Wiwik, who is fluent in Cantonese, had on December 7 taken a call from a man who claimed to be her 78-year-old employer's son and said he was on his way back from Canada.
Suspecting it was not the son as he did not address her by name and his voice was unfamiliar, Wiwik asked her employer whether her son had left Canada and was told he was still there.
The man called again next day and asked Wiwik to arrange a transfer of 20,000 yuan (HK$22,390) to a bank as he had been arrested while visiting prostitutes in Shenzhen and needed the money for bail. But Wiwik called police.
A domestic worker in Hong Kong for more than 10 years and with this employer in Wong Tai Sin for almost two years, Wiwik said: "It's something I should do. It's nothing big."
Wiwik also said she watched Police Report on television, which among things teaches people how to recognize fraudsters.
The same day a scammer was trying to set up Wiwik another domestic worker, Istikomah, who can also speak Cantonese, was told by her 85-year-old employer in Kwun Tong to deposit HK$30,000 in her younger son's name as she had received a call.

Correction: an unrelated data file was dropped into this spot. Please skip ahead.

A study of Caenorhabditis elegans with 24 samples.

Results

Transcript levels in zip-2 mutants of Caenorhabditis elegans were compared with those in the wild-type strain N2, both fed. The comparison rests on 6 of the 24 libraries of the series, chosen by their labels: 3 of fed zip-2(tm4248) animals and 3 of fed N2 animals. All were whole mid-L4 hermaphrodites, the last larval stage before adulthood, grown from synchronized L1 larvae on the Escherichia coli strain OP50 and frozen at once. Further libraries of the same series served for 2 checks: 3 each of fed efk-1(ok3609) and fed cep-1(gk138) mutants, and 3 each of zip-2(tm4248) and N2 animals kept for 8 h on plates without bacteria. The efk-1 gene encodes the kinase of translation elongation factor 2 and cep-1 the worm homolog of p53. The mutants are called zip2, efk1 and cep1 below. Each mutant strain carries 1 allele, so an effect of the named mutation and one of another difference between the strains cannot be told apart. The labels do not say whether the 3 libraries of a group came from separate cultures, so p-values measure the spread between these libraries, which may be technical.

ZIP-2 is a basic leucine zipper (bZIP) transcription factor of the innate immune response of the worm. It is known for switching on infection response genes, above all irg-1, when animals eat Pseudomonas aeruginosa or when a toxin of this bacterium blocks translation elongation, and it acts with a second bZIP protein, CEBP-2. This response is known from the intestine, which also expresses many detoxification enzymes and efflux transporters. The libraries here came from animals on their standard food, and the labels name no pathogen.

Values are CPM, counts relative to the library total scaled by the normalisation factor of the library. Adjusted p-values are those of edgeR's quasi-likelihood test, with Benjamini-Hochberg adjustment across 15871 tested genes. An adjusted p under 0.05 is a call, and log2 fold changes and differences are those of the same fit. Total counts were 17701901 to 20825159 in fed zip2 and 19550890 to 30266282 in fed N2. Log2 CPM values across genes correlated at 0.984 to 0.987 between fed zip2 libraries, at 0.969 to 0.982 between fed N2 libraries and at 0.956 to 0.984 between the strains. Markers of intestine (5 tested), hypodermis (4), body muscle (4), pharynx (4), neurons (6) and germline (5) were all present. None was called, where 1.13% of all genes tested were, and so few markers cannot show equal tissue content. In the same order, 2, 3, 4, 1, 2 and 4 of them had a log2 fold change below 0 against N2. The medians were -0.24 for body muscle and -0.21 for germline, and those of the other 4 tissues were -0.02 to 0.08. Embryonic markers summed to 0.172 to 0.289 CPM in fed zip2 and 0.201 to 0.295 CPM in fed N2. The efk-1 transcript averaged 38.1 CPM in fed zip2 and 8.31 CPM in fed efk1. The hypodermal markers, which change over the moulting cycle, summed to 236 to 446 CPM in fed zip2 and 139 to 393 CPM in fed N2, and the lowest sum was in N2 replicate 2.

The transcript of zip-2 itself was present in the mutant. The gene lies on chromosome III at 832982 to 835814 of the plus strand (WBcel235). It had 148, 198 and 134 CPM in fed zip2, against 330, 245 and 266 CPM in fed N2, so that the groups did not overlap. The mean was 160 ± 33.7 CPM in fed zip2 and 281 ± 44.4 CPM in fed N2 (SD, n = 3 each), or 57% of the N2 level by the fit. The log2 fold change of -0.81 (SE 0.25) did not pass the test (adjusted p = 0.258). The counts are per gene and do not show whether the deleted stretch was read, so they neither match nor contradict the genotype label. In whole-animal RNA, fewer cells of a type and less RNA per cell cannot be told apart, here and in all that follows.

But Istikomah suspected it was a fraudulent call as "the son normally sends his mother money instead of asking" and the caller had asked her employer not to tell the elder son of the transaction.
Istikomah texted the younger son to check if he was in need of money and was told he had not called. The son then called police.
The two Indonesians received appreciation letters from the police yesterday.
Also at the ceremony was Indonesian consul general Tri Tharyat, who said he was moved at seeing the two helpers receiving accolades.
"These small things can have a big impact on society," he added.
Assistant regional crime prevention officer for Kowloon East, Wong Poon- yam, said combating phone fraud is a priority, but these were the first cases reported by Indonesian helpers.
"We didn't know Indonesian domestic workers can speak fluent Cantonese," Wong admitted. "It was after these reports we realized we have to tell this community more about preventing phone scams."
There were 1,138 reported phone scams last year compared to 2,756 in 2015. Monetary losses dropped to HK$200 million from HK$300 million.